The Marine Conservation Society (MCS) said they had received reports around the country, including of the Lion’s Mane jellyfish. It is the world’s largest-known species, reaching more than 6ft in diameter in some cases, and its sting can prove fatal in the elderly or those with underlying health problems.
A scaffolder working at Mingarry Castle, near Kilchoan in Lochaber, reported seeing a Lion’s Mane the size of a car bonnet recently.
Several other recent sightings of the orange and red creatures – which can grow tentacles up to 120ft long – have been recorded by kayakers at Ardnamurchan, and another at Arisaig.
Large numbers of Lion’s Mane have been also been observed in past weeks in Carradale Bay, Argyll, and Ullapool and Portmahomack in the Highlands.
The upsurge in jellyfish – Lion’s Mane and Moon species being the most common – is thought to have its origins in the late cold snap this year, which kept numbers low by minimising conditions the creatures need to thrive. But the rapid rise in temperatures in July brought about a plankton boom, the main food for jellyfish, and populations exploded to take advantage of the bonanza.
Jellyfish will gather in huge numbers if food is plentiful and the sea currents are not strong enough to scatter them.
The MCS runs a survey each year to monitor their numbers, and has had reports of recent significant blooms at Rothesay, Argyll, Lochbroom, near Ullapool, Maidenhead Bay and Culzean Bay in Ayrshire, and Strathlene Beach near Buckie.
MCS biodiversity programme manager and jellyfish expert Dr Peter Richardson said their populations should be considered an important indicator of the health of the seas.
He added: “The scarcity of jellyfish reports before June was unusual and could well be linked to the exceptionally cold spring. However, as our waters warmed, sightings of jellyfish increased, with Moon jellyfish reported in large numbers around the UK.”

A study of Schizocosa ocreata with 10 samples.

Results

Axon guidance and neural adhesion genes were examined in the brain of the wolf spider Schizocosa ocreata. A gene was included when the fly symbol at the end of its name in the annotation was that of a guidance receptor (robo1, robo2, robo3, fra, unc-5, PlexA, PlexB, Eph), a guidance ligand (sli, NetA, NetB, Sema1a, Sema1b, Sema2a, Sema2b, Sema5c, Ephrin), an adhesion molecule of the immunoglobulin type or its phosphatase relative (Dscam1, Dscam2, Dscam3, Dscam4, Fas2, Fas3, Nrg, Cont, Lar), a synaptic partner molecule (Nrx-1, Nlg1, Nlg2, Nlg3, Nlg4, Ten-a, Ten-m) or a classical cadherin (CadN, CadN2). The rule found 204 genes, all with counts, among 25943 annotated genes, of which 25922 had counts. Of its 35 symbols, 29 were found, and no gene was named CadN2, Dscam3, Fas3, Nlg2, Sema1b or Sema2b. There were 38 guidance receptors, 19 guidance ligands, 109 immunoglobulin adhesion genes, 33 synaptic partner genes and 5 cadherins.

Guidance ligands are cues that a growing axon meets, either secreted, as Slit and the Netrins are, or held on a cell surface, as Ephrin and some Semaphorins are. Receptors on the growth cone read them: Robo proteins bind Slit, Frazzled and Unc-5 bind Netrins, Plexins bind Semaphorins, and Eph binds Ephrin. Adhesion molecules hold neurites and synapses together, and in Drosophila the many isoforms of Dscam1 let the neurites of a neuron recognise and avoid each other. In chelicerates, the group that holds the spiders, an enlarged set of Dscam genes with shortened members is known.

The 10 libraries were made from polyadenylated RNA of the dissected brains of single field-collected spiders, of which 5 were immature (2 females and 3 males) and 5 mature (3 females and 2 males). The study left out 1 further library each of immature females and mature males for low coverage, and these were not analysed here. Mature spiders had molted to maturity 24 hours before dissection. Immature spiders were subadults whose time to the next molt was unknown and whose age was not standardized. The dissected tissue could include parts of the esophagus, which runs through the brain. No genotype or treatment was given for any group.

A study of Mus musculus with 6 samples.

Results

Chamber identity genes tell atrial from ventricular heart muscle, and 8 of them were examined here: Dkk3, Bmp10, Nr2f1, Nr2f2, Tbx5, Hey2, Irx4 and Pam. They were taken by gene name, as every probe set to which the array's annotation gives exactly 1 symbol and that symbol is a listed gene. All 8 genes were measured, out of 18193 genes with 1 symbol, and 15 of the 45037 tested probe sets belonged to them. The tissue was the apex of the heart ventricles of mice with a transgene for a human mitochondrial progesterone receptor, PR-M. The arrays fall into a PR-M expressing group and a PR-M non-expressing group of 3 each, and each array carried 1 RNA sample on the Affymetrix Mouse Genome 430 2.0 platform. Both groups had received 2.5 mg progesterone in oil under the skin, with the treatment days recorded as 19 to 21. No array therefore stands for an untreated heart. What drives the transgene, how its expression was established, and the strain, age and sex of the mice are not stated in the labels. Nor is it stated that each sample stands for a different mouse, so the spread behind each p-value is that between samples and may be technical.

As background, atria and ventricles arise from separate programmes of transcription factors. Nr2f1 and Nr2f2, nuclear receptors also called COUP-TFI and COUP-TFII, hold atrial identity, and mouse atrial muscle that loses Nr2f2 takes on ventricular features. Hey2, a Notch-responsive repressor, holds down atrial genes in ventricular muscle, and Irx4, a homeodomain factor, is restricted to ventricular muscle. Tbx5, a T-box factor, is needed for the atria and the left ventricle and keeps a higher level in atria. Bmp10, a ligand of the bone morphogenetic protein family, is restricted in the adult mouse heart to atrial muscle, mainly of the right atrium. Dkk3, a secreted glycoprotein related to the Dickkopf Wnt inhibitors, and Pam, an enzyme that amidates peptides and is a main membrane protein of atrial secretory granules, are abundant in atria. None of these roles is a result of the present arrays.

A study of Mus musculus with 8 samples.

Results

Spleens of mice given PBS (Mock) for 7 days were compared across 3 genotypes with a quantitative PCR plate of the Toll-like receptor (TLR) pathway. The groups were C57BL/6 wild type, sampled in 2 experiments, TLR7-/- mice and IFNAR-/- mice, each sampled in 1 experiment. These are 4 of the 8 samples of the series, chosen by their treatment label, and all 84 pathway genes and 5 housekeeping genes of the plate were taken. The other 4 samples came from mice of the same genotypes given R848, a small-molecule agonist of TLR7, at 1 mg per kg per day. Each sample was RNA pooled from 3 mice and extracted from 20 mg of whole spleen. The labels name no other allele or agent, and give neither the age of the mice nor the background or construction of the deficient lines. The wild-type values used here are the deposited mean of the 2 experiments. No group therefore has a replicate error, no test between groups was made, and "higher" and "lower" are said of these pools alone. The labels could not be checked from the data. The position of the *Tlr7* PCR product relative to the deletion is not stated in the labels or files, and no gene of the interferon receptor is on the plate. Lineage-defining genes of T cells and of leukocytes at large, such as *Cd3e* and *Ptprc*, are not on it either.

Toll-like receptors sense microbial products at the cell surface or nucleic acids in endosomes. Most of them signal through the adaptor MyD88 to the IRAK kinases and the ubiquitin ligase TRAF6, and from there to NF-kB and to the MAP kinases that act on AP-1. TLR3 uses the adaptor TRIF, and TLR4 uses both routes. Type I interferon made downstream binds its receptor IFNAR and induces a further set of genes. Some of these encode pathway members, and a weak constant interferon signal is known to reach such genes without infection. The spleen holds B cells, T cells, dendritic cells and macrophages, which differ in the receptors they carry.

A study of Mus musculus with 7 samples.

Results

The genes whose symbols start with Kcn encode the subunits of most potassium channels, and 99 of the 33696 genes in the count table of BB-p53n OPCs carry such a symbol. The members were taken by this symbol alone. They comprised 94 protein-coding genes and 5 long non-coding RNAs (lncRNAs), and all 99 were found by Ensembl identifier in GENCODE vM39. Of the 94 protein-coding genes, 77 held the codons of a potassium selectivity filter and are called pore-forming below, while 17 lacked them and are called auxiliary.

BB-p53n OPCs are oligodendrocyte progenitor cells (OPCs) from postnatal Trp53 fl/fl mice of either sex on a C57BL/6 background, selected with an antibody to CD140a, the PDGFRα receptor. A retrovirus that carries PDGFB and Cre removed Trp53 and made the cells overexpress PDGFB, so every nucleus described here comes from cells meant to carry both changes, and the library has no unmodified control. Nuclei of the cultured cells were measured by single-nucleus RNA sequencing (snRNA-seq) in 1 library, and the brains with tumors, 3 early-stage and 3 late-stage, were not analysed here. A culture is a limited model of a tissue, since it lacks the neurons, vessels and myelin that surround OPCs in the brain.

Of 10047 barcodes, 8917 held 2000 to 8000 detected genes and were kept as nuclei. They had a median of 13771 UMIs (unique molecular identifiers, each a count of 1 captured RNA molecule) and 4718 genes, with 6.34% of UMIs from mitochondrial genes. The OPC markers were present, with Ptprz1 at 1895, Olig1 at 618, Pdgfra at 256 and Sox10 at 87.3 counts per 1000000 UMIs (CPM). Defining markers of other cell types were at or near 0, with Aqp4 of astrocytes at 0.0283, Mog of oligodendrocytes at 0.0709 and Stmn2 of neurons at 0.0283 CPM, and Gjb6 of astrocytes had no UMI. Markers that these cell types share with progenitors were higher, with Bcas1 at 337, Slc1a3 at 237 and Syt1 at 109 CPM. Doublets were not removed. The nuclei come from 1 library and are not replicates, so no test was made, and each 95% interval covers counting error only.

Professor Andrew Brierley, of the Scottish Oceans Institute at the University of St Andrews, said that jellyfish should be given a wide berth if spotted in the sea or on the shore.
He said: “Moon jellyfish are more or less harmless, but Lion’s Mane have a nasty sting. The problem is that they have very long tentacles, and it’s easy to swim inadvertently through tentacles without being aware that the jellyfish is there.
“The abundance changes from year to year. Baby jellyfish hatch in the early spring and grow rapidly in summer to these big adults.”
NHS24 medical director, Professor George Crooks, warned that anyone brave enough to venture into the sea off Scotland’s coastline should be prepared and seek advice on dealing with marine life stings from the Health Library at www.nhsinform.co.uk. He said: “Jellyfish tentacles are covered with small poisonous sacs called nematocysts which, if touched, produce a nasty sting.
“If you are unfortunate enough to be stung, the most important thing to remember is not to rinse the wound in fresh water and not to rub it or apply ice – even if the area feels hot.
“You should try to soak the affected area in vinegar for 15-30 minutes and if vinegar is not available, alcohol or seawater.”Professor Crooks added: “If you are walking along the beach, be careful not to touch jellyfish that have been washed on to the shore. They can still be poisonous so try to keep curious kids and dogs away from them.”